The Wisdom of Youth
The eclectic group of speakers included Arianna Huffington, Alanis Morissette, Jon Kabat-Zin, President Paul Kagame of Rwanda, and representatives from tech giants like Google.

My daughter said of the event, "it was peaceful. Everyone looked like they wanted to give you a hug." And in fact we did collect some unsolicited hugs.

She went on to describe the event as inspirational, creative, and informative. "You knew everything they (the speakers) said was true, but you never really thought about it like that."

But she also pointed out that we didn't see a single other person her age in the audience. "I thought it could be fun for kids if they were involved, including talks from youth about what is interesting and important to them."

She astutely observed, "the world is revolving around technology and that is all anyone is paying attention to...especially kids. Youth could be much more involved in mindfulness...being mindful of themselves, but at the same time be mindful of others." (I silently wished that I had had half her wisdom when I was 13).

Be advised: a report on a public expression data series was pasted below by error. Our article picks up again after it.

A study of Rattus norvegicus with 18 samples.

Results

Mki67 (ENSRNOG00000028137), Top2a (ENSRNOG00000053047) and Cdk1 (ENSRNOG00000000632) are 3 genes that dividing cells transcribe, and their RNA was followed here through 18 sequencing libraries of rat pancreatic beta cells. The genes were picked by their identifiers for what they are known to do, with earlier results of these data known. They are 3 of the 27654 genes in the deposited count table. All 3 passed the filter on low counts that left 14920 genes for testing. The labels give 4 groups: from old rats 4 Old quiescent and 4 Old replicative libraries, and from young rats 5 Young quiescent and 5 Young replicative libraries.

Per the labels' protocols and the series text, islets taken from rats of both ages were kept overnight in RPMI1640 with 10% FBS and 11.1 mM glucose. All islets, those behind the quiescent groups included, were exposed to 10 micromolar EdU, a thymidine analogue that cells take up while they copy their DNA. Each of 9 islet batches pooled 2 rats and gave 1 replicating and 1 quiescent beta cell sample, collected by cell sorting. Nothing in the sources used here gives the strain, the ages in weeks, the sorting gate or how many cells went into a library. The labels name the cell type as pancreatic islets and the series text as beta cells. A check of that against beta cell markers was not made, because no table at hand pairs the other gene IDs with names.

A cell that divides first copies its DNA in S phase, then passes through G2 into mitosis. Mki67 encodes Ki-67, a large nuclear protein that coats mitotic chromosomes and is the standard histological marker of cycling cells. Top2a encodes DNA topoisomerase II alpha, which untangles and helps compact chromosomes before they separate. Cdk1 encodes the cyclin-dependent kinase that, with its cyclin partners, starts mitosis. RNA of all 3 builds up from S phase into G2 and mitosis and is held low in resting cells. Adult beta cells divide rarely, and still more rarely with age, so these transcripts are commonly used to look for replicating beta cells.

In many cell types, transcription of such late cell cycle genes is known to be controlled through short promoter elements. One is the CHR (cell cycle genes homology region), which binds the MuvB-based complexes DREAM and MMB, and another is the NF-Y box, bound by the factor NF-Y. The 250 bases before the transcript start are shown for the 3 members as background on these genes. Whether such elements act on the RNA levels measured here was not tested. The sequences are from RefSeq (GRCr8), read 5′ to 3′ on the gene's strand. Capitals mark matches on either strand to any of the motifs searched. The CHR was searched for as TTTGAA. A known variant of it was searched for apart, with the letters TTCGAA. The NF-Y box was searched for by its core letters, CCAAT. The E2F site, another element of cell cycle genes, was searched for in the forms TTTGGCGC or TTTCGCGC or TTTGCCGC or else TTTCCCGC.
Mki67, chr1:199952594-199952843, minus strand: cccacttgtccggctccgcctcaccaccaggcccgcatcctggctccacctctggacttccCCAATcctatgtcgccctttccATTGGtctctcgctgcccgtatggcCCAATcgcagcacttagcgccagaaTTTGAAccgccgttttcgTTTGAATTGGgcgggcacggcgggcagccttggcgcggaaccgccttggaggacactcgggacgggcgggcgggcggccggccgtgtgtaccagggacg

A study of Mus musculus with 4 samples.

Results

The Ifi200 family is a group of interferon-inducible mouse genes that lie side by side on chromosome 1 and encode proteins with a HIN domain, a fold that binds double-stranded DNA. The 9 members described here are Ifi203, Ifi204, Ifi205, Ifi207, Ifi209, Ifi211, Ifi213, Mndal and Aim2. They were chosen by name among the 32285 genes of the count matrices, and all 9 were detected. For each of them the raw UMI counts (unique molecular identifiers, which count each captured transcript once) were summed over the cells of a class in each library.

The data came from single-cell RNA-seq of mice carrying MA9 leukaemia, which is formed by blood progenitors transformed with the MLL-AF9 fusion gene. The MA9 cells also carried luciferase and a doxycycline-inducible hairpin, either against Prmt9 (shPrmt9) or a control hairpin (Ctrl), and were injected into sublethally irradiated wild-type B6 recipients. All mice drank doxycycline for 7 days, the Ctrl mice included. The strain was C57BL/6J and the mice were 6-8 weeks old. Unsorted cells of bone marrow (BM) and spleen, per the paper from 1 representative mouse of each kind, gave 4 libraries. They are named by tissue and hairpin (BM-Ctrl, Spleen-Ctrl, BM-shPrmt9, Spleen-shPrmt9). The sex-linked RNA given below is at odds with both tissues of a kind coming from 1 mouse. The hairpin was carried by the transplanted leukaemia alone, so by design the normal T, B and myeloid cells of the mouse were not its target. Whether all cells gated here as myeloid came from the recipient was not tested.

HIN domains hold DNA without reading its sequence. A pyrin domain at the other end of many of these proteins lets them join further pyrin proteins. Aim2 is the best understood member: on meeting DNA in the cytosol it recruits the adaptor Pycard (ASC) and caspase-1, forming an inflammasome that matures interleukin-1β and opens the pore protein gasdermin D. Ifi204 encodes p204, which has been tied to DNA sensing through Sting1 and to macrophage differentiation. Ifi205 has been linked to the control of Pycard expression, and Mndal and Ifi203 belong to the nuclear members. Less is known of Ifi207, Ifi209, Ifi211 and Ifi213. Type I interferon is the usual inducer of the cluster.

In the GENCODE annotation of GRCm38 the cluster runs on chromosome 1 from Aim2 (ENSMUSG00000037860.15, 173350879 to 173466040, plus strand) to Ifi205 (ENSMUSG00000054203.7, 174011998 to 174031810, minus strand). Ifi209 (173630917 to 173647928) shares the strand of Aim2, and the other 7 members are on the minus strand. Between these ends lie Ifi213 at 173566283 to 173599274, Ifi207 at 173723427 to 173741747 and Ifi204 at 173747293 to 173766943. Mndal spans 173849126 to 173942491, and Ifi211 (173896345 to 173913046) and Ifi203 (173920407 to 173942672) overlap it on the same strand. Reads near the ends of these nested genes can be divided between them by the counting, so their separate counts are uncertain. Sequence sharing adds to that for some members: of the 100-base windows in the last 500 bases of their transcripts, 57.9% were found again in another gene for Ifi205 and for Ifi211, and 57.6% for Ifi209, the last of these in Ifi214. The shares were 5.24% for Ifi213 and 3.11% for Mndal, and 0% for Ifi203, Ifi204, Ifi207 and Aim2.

In fact mindfulness as a practice is slowly making its way slowly into the halls of middle schools and high schools through innovative new curriculum and classes like those developed by Mindful Schools.

Hidden behind popular images of youth lost in Instagram, X-box gaming, and Beats by Dre headphones, there is a fascinating counter-trend emerging where kids are learning to go deep inside themselves and to become more present through meditation and other centering practices.

The integration of mindfulness into education and the daily life of youth is something Wisdom 2.0ers should perhaps give greater voice and mind to? I for one would like to know more about how younger folks feel about the increasingly distracted world we live in.

Maybe they have innovative answers to its challenges that we adults are too jaded and overwhelmed to discover? Maybe they can teach us how to arrive at even greater wisdom and self-knowledge in the new era and what lies ahead...shall we say Wisdom 3.0?

If we go to Wisdom 2.0 again next year I hope my daughter and I are joined by a roomful of energetic, thoughtful youngsters. No matter how enlightened, we can all benefit from the wisdom of youth.